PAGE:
Why do fleas, ticks, and mosquitoes show individual preference?Tirumalai Kamala:
Biting insects (bugs, fleas, flies, mites, mosquitoes, ticks) locate and bite their blood host targets from the chemical cues they release. Such cues are volatile organic compound (VOC) produced by their skin microbes after they metabolize human skin gland secretions, i.e., an individual's VOC profile is largely the product of their skin flora. Thus, biting preference is the outcome of how each biting insect's odorant receptors detect the VOCs unique to the individual it bites.
Skin glands include apocrine and eccrine sweat glands, and sebaceous glands (see below from 1).
Skin glands are differentially distributed across the body and human skin microbe abundance matches theirs (see below from 1).
The human odor profile consists of >400 compounds (2). Research on which ones are most important in attracting biting insects is very much in its infancy.
One small study (n = 48 adult male volunteers) on the African malaria mosquito Anopheles gambiae sensu stricto found that individuals the mosquitoes found highly attractive had different skin bacteria compared to individuals they found poorly attractive, specifically greater abundance but lower diversity of skin-associated bacteria (see below from 3).
In another small study (n = 48 adult male volunteers) Anopheles gambiae sensu stricto found individuals carrying the human leukocyte antigen gene Cw*07 more attractive (4). Since different individuals have different HLA haplotypes,
- Each individual's unique HLA system generates different peptides, i.e., source material their skin-associated microbes metabolize and convert to VOCs is unique.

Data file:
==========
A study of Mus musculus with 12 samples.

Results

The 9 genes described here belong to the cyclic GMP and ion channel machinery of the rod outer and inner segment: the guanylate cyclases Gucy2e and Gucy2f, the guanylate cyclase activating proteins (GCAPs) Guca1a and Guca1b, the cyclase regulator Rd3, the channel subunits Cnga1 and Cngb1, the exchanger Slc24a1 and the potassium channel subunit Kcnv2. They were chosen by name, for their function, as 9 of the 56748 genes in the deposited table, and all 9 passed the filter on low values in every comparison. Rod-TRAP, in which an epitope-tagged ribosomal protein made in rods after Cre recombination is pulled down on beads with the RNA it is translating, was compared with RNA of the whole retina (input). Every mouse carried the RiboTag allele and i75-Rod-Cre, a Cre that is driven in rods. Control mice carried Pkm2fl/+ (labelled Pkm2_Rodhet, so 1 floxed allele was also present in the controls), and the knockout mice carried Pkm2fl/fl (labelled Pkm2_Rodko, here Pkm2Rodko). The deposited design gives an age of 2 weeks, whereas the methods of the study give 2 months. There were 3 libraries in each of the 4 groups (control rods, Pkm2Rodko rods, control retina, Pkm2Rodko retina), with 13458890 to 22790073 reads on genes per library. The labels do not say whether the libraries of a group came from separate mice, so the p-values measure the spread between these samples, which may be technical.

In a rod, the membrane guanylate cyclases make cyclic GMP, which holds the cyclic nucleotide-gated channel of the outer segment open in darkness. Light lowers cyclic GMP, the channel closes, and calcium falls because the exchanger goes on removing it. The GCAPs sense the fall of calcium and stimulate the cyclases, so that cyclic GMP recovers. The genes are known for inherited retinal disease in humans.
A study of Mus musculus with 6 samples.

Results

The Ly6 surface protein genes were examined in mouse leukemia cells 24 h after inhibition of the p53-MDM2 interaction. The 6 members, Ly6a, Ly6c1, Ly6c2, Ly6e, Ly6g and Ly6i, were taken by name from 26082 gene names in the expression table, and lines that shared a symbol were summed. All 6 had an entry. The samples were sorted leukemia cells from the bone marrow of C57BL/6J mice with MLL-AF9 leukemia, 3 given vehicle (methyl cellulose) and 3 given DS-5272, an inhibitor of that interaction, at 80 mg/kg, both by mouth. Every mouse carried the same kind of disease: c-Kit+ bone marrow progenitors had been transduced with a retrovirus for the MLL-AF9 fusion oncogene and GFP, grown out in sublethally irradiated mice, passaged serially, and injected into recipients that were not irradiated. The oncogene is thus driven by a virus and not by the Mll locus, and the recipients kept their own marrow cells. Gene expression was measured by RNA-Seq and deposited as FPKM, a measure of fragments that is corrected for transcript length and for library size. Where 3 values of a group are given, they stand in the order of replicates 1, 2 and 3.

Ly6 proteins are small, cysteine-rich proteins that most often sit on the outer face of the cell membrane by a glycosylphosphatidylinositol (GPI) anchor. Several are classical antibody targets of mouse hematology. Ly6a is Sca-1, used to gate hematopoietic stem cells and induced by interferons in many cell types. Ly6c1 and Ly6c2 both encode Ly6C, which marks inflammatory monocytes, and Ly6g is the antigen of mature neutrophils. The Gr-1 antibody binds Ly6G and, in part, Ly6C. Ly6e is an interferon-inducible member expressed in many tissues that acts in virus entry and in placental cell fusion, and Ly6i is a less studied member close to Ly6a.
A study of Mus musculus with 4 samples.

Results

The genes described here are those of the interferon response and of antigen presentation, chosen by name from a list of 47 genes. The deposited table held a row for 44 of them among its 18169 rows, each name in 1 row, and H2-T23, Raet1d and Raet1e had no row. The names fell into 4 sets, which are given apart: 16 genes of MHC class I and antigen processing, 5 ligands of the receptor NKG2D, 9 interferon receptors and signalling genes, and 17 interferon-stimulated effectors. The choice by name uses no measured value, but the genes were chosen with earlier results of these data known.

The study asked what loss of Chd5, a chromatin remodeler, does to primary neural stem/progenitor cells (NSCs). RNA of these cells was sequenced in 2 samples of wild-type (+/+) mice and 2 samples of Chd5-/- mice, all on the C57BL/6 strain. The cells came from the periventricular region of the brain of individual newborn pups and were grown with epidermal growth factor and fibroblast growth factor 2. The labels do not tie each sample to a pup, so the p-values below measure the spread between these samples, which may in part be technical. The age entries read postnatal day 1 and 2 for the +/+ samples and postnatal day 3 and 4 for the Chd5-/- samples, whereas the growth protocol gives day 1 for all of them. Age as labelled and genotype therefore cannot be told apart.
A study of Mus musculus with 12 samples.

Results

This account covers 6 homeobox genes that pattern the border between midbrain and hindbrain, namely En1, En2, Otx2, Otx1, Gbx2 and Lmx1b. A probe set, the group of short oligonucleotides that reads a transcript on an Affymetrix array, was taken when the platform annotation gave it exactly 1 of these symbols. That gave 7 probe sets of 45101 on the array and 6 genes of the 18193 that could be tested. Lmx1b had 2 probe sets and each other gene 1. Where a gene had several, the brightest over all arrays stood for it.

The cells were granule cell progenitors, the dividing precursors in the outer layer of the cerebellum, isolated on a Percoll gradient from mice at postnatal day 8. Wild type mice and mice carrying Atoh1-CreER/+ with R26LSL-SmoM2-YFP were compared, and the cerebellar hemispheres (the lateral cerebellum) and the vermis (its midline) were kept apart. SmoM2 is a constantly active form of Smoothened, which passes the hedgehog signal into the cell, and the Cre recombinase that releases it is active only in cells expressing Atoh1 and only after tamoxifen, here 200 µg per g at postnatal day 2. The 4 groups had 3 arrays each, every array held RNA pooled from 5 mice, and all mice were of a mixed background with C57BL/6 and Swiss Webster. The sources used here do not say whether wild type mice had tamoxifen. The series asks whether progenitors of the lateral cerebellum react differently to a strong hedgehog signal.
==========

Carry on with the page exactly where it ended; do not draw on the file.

- Each individual's unique HLA is involved in the immunological processes that culminate in their unique microbial profile since immune responses select which microbes to keep or reject.
Individual genetics also influence skin temperature and humidity profiles, and metabolic rate, which are other factors that influence individuals' differential attractiveness to biting insects. Metabolic rate influences local carbon dioxide levels, which along with ammonia and lactic acid and other aliphatic carboxylic acids influence landing rates of biting insects like mosquitoes (5).
Each human thus has a largely individual VOC profile, product of their unique genetics and unique skin microbial profile. In turn, biting insects each have their specific odorant receptors. Combinations of these two parameters likely make some humans more attractive to each such biting insect compared to others. Research on this topic is still nascent and there's more data for disease-carrying mosquitoes than for other biting insects.
Since human lifestyle, especially diet, can actively sculpt human microbiota profiles, it's likely future research will reveal how different diets could influence an individual's VOC profile and in turn increase or decrease a biting insects's preference for a particular individual.
Similar processes likely explain the differences between dogs who get ticks versus those who don't. However, in the case of ticks that's only the first step since immune status probably determines whether or not they successfully establish an infection, healthier dogs fending off ticks that could stably colonize less healthy ones.
1. Verhulst, Niels O., et al. "Chemical ecology of interactions between human skin microbiota and mosquitoes." FEMS microbiology ecology 74.1 (2010): 1-9.
2. Verhulst, Niels O., and Willem Takken. "Skin Microbiota and Attractiveness to Mosquitoes." Encyclopedia of Metagenomics. Springer US, 2015. 591-595.
4. Verhulst, Niels O., et al. "Relation between HLA genes, human skin volatiles and attractiveness of humans to malaria mosquitoes." Infection, Genetics and Evolution 18 (2013): 87-93.
5. Smallegange, Renate C., Niels O. Verhulst, and Willem Takken. "Sweaty skin: an invitation to bite?." Trends in parasitology 27.4 (2011): 143-148.